The East End Cooperative Ministry (EECM) is an East Liberty institution. Since 1970, the organization has been providing a wide range of services to the East End. Whether offering food assistance to those who are experiencing food insecurity, working alongside those who are experiencing housing insecurity and barriers to employment, or reaching out to young people to help them work towards a brighter future, they are always finding new ways to serve the ever-evolving needs of the community.
It’s now been three years since Carole Bailey took the reins as EECM’s CEO. In that time, she’s had to navigate a global pandemic and a period when people needed EECM’s support more than ever before. We checked in with Carole to hear about how the organization is doing and what they are focusing on now.
How have you settled into your role?
It seems I was just settling into the position after stabilizing the organization financially when COVID-19 hit. As with any CEO, I needed to figure out a way to do things differently. My staff was instrumental in helping determine how to keep our staff, clients, and volunteers safe while being on the front line of servicing those in need. I have found the job to be challenging, but as we have gone through the various stages since taking the reins, I have found it ultimately so rewarding to try to help the underserved of our community.
How did EECM have to adapt to meet the needs of the community during the pandemic?
We truly left on Friday after talking about the pandemic and what effect it could potentially have on the organization to texting with my senior staff all weekend as things changed very quickly. On Monday morning, we came in and determined our pantry and hot lunch service needed to be moved to curbside service. In our shelter, we needed to try to limit exposure by moving beds so heads were not facing heads, people would eat in shifts, smoke breaks would be on our porches and not outside the facility, and hands would be washed on entry and before and after every meal. Our primary focus was to keep our staff and residents safe and healthy. As restaurants stopped serving, we received food donations from the restaurant suppliers so the food would not go to waste. The philanthropic and our donor community were very supportive and helped us get through as we experienced a threefold increase in the number of food-insecure we were serving for more than a year as the pandemic continued. Even now, we are seeing elevated numbers as increased unemployment benefits have stopped and inflation, especially in the grocery store aisles, rises.
When we last spoke, you mentioned wanting to help address the City’s homelessness issue as well as your desire to rent some of EECM’s space to a few nonprofits to help create a “community of social enterprise” within EECM. Have any of those dreams been realized?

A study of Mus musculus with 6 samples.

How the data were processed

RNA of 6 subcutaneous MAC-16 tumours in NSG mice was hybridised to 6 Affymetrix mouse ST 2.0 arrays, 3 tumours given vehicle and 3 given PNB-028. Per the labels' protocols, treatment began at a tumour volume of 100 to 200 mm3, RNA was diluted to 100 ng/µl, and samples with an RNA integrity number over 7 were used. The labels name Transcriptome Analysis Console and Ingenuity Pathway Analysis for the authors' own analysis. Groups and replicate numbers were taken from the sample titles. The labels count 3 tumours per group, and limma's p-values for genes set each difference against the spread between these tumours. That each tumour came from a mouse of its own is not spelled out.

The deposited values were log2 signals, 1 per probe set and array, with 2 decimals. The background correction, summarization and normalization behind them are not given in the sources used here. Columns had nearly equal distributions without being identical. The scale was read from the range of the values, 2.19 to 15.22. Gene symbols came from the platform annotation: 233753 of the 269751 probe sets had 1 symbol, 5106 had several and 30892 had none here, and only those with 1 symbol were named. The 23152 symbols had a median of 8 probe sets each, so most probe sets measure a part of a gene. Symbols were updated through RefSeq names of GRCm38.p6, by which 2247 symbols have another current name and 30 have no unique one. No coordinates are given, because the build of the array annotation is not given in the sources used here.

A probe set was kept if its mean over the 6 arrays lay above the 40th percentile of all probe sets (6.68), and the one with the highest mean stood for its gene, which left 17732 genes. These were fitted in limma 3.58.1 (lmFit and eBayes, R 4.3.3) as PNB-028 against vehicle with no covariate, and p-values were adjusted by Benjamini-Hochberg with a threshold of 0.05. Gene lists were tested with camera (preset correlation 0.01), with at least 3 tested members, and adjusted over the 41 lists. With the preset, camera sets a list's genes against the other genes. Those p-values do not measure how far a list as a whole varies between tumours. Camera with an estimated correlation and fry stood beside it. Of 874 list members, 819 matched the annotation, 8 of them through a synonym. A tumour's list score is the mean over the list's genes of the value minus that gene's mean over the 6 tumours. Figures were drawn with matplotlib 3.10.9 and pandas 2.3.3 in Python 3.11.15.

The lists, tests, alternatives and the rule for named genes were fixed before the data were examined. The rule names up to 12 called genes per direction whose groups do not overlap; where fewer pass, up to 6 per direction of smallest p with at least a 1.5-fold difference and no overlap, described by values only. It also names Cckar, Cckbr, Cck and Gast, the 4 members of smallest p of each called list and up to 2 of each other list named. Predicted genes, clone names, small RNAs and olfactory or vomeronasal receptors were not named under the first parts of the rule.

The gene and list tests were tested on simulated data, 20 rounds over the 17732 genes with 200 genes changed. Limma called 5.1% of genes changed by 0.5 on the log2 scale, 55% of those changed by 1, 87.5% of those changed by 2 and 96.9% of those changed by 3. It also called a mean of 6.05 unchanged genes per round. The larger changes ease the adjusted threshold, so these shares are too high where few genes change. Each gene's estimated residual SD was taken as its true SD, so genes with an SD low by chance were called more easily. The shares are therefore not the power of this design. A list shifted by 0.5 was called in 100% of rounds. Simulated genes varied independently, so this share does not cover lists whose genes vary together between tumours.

In November 2019, we rented some of the underutilized spaces in the building to three non-profit organizations: 412 Food Rescue, Repair the World, and Catapult Greater Pittsburgh. During the pandemic, we worked together to help the community. As we try to get back to normal, we are certainly hoping we have more opportunities to work together. We have continued to help the City’s homelessness issue and have submitted a proposal to manage the new year-round shelter that is currently under construction.
What is EECM’s focus now?
Our current focus is to maintain financial stability while continuing to change the lives of as many people facing the impacts of poverty as we can.
How can people get involved with EECM?
We could not make ends meet without a robust volunteer corp. We utilize volunteers in our food pantry, soup kitchen, and sewing studio daily. We could always use more dependable volunteers.
If you would like to volunteer you can reach us by going to eecm.org/volunteer. You can also reach out to Reverend Tracy Hudson, our talented volunteer coordinator, at email@example.com or firstname.lastname@example.org, or call at 412-345-7124.
What’s one thing about EECM that you wish more people knew?
We provide workforce development and employ people who have come out of our program in office cleaning, landscaping, and commercial sewing. Please contact email@example.com (for office cleaning and landscaping service) or firstname.lastname@example.org (for sewing services) if you are interested in utilizing our services. For more details, go to the social enterprises tab on our website.
Is there anything else you’d like to share?
During the pandemic, we mobilized our sewing studio and made masks for our staff and residents. We were also contracted to make masks for Highmark and created almost 9,000 masks that Highmark distributed to the community.